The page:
This guy once turned down a $500 million offer for his startup ... and now it's worth $2.5 billion

Ryan SmithQualtricsQualtrics cofounder CEO Ryan Smith

Five years ago, Qualtrics CEO Ryan Smith stared at a $US500 million acquisition offer for his bootstrapped company doing $US50 million in revenue — half a billion dollars! — and he said, “No.”

Instead he gambled on himself and his family, taking an investment from a VC who convinced Smith to keep the company and to build it bigger themselves.

On Wednesday, Smith announced some sweet satisfaction. The company raised $US180 million in its third round of financing that valued Qualtrics at $US2.5 billion, 250% more than that offer.

Better still, Qualtrics is now on track to earn $US250 million in revenue this year, Smith tells us.

And the value of his company has increased 150% since 2014, when it last raised money ($US150 million) and was valued at a $US1 billion. Qualtrics has now raised $US400 million in total funding, through just three rounds.

The latest round was led by Insight Venture Partners and Accel, with participation from Sequoia Capital.

The Utah-based startup is one of our favourite tech startup growth stories. Back in 2012, when turning down a half a billion dollars, Smith was 33 years old. He had founded the company with his dad, Dr. Scott Smith, a respected professor of marketing at BYU’s school of business, in Dr. Smith’s basement after Dr. Smith was diagnosed with cancer. (He survived.)

Qualtrics offers online market research survey software based on the work of Dr. Smith and it had a particularly smart business model. The Smiths sold it first to universities to be used by students to learn marketing skills. Those students took it with them to companies after they graduated and landed jobs.

Qualtrics still does online surveys, specializing in customer and employee feedback, but has since expanded into big data analysis and counts over 8,500 companies as customers, including much of the Fortune 100 and many business schools.

Jazz for cancer

While the company is still in the red thanks to heavy investment, Qualtrics is throwing off plenty of cash via gross profits, Smith says. So much so, that it can afford a single ad campaign that costs “multi-millions,” that doesn’t even raise awareness for the company itself but for its “5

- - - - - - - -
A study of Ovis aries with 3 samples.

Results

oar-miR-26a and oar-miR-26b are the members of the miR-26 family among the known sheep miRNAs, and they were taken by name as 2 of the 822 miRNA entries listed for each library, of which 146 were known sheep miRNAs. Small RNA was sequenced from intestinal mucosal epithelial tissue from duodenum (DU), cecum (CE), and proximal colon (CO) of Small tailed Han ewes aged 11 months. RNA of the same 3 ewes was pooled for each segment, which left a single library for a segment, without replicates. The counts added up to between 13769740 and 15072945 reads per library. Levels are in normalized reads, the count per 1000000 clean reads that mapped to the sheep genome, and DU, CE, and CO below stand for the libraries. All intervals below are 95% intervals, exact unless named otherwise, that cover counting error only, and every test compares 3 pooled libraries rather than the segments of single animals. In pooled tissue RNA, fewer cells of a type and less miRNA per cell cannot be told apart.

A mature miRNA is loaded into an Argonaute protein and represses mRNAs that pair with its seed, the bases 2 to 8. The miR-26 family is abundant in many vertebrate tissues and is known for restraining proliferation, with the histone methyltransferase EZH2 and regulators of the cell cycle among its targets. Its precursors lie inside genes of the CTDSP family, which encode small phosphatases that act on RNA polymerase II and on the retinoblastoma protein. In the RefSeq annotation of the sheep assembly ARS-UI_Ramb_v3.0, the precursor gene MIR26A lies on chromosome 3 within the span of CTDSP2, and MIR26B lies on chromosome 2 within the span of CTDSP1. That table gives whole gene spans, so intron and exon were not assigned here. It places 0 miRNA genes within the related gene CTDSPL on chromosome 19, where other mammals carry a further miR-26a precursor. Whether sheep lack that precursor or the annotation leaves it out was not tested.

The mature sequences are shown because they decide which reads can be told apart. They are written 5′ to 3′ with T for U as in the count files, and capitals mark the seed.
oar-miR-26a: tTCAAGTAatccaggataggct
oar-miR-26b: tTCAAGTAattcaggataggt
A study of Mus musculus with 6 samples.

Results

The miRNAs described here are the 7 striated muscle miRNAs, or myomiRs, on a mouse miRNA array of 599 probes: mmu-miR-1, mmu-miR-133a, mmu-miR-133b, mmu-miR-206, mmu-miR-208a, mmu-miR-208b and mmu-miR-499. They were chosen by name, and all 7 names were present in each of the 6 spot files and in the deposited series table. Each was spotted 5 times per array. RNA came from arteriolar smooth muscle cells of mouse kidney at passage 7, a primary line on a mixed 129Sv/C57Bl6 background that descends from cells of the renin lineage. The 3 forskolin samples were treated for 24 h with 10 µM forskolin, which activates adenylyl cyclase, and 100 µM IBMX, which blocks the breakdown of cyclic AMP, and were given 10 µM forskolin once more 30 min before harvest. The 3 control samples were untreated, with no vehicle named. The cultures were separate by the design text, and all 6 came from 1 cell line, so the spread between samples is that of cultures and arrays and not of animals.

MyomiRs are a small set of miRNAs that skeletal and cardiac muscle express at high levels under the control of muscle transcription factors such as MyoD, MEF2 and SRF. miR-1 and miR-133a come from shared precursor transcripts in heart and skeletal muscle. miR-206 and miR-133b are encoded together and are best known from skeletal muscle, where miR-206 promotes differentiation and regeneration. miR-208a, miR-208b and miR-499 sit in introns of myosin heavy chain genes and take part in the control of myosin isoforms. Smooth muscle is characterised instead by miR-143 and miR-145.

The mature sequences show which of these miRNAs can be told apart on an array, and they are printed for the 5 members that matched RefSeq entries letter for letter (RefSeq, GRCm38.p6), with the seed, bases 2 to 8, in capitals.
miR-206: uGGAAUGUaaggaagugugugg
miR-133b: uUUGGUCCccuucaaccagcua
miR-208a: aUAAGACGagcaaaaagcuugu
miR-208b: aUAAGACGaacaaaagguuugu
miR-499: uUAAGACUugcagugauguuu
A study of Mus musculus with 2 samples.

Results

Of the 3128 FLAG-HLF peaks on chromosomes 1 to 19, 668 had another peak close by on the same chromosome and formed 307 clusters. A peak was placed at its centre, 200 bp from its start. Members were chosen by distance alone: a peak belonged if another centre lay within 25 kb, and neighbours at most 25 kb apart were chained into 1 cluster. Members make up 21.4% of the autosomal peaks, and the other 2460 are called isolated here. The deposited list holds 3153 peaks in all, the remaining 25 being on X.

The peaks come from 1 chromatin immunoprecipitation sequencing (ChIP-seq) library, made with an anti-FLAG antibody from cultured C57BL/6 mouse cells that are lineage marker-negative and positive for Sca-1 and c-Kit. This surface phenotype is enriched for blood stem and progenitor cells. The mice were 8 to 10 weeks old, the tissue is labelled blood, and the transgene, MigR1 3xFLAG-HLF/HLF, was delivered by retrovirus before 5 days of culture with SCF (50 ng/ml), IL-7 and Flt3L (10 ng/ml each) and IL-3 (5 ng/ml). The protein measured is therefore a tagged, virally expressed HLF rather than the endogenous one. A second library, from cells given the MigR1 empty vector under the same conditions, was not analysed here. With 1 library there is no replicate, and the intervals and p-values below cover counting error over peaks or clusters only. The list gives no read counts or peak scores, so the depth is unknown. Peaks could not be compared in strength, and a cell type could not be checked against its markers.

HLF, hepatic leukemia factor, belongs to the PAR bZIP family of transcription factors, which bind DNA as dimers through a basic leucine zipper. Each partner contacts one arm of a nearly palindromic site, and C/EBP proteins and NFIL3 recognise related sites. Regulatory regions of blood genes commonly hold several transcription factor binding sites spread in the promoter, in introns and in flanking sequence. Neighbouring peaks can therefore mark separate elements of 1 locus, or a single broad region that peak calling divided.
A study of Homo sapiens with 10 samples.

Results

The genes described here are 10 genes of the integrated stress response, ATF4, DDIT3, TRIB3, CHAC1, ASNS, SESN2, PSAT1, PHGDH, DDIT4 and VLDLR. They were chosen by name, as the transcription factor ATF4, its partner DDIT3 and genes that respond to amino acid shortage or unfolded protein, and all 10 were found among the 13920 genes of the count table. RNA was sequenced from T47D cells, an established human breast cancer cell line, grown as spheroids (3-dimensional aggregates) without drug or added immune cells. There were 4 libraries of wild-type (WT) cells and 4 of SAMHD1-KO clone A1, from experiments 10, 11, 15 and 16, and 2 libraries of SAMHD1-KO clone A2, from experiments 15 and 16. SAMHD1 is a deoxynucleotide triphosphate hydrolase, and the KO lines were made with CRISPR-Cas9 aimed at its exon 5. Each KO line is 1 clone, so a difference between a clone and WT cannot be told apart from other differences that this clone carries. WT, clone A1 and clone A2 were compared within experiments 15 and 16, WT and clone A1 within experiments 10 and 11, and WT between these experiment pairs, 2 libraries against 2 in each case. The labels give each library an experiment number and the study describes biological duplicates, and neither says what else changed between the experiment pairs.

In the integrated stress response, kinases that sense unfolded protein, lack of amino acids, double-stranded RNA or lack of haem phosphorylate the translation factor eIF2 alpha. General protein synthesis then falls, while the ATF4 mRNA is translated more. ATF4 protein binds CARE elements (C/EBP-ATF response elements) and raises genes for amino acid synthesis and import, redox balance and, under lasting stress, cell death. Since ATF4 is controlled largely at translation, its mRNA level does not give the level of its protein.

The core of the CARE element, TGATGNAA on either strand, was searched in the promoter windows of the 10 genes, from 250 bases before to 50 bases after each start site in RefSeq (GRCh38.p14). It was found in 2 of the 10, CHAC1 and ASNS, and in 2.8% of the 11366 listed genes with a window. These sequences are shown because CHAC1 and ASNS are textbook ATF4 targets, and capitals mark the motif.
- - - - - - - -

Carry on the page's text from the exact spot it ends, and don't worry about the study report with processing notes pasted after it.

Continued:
for the Fight” cancer charity, Smith tells us.
That’s how much Qualtrics committed to pay to buy a sponsorship patch for the Utah Jazz NBA team. Instead of the Qualtrics logo, the Jazz team sports the 5 for the Fight cancer research foundation logo on their jerseys

While he wouldn’t say exactly how many millions Qualtrics committed to this campaign, GE is said to have paid over $US7 million a year to buy a similar patch for the Boston Celtics.

“We probably did the craziest thing I can think of to do for cancer fundraising,” says Smith of the high-cost sponsorship, but says that the players and the NBA “love it” and are happy to be using their jerseys to fight cancer. Qualtrics is trying to raise $US50 million for cancer research over the next three years, and this foundation asks people to give $US5 in honour of each person they know who has suffered from cancer.

You get a car and you get a hot date

The company has also garnered a reputation for giving over-the-top gifts to random customers who attend its annual customer conference. A couple of years ago, after a survey asked customers what they wanted the company to do for them, one customer joked he wanted Qualtrics to help him buy a wedding ring for his fiance. So the company bought the ring.

Jared SmithQualtricsQualtrics’ Jared Smith

Last year, when one customer said he wanted a Tesla X, the company loaned one to him. It was the only Tesla X in the state of Utah and happened to be the one just delivered to Qualtrics cofounder, Stuart Orgill.

And this year, a customer said she wanted a date with Smith’s very eligible brother Jared Smith, a former Google exec who’s been with Qualtrics since its early years.

“I didn’t tell him. I said on stage, he’s available, never been more available,” Smith laughs. Jared Smith graciously asked her out to a front row viewing at the company’s private Elton John concert, including a back-stage meet and greet.

In between all the fun the Smiths are clearly having as they grow a multi-billion company, they are on track for an IPO in a couple of years. The company’s board just added Murray Demo, the CFO who guided Atlassian to its 2015 $US4.4 billion IPO.